Consumer Sentiment Edges Down in February

Consumers were a little miffed in February, according to the latest Reuters/University of Michigan's consumer sentiment index, which dropped to 74.3 during the month, against the expectations of economists predicting another rise.

Consumers were a little miffed in February, according to the latest Reuters/University of Michigan’s consumer sentiment index, which dropped to 74.3 during the month, against the expectations of economists predicting another rise. Since the nervous days last summer, around the time the U.S. government came within a whisker of defaulting, the index has been on a steady upward march. The February downtick, however, wasn’t that much down from January’s reading of 75.3 (back in August, consumers were grumpy indeed, with the index at just over 55).

The current conditions component of the index actually increased by one point to 84.2. Jobs numbers and retail spending have been reasonably good lately, after all. It was the expectations component, dropping more than two points to 68, that dragged the headline index downward. Things might be better now, but the worry is that the economy will disappoint as the spring passes, just as it has for two years in a row now.

The upward creep of gas prices, which accelerated in February, was probably also a dampening factor. The University of Michigan asks the 500 households in its survey how much inflation they expect, and the average reply jumped by seven-tenths of a percent last month to an expectation of 4 percent inflation over the next 12 months. On the other hand, when asked about inflation for the next five years, the respondents thought on average that it would be 3 percent, so perhaps the upswing in gas prices is still perceived as temporary.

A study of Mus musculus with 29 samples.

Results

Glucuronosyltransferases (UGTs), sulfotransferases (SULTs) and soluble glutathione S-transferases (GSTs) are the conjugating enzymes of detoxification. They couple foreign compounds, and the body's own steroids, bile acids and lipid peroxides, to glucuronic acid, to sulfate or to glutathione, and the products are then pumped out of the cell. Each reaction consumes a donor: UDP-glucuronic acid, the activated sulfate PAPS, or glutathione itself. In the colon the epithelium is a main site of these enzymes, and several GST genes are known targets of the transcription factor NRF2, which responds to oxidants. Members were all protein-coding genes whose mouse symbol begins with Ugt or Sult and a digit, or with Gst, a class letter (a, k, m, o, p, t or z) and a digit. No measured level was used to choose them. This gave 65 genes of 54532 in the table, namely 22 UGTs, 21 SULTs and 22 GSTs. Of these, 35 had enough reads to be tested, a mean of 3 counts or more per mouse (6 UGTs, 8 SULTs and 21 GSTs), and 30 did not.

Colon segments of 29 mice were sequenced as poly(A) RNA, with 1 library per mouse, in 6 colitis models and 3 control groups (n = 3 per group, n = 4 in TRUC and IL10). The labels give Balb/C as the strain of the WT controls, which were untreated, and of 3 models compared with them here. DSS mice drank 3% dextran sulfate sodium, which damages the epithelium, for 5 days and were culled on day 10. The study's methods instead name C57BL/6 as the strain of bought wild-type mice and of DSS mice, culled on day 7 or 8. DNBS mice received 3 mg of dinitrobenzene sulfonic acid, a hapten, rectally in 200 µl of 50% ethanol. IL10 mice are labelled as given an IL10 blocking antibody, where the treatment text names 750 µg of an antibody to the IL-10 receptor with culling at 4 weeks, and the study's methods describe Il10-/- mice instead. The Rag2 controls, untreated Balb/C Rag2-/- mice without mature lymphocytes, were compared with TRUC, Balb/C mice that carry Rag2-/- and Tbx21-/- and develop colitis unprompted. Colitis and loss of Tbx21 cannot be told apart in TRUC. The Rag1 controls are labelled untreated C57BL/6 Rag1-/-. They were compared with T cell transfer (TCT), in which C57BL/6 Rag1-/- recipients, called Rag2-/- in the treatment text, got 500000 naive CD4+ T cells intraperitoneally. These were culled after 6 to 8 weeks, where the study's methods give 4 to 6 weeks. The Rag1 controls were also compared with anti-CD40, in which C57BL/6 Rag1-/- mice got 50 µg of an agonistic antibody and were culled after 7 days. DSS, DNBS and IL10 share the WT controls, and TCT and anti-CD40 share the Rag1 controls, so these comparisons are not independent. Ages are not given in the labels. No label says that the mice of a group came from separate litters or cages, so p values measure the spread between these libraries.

CPI driven upward by gasoline

The Bureau of Labor Statistics reported on Friday that the Consumer Price Index saw a February uptick of 0.4 percent month-over-month. The main factor in the rise should be little surprise: gasoline. The surge in pump prices during the month accounted for over 80 percent of the change in the overall index.

In fact, the gas increase led to a 3.2 percent rise in the BLS’s energy index, despite a decline in the price of natural gas, which is at a 10-year low because of oversupply and anemic demand during the warmish U.S. winter. The price of food didn’t move much in February, with at-home food unchanged for the second month in a row. Presumably, though, the gas-price increases will eventually start pushing up food prices, as happened in 2008 before the September panic.

Without energy (and food), the “core” CPI saw an increase of only 0.1 percent during February. Some things were a little more expensive for consumers, such as shelter (rent, that is), new cars, medical care, and household furnishings. On the other hand, some classes of goods were a little cheaper, such as apparel, recreation, used cars and tobacco.

Manufacturing edges up

The Federal Reserve said on Friday that U.S. industrial production was unchanged in February, following a 0.4 percent rise in January, but manufacturing edged up a little. Within manufacturing, the index for motor vehicles and parts fell 1.1 percent after jumping 8.6 percent in January, but the index for manufacturing excluding cars increased 0.4 percent in February.

Wall Street gyrated all day on Friday and ended more or less where it started. The Dow Jones Industrial Average lost 20.14 points, or 0.15 percent, when the Nasdaq dropped a minuscule 0.04 percent. The S&P 500 eked out a gain of 0.11 percent.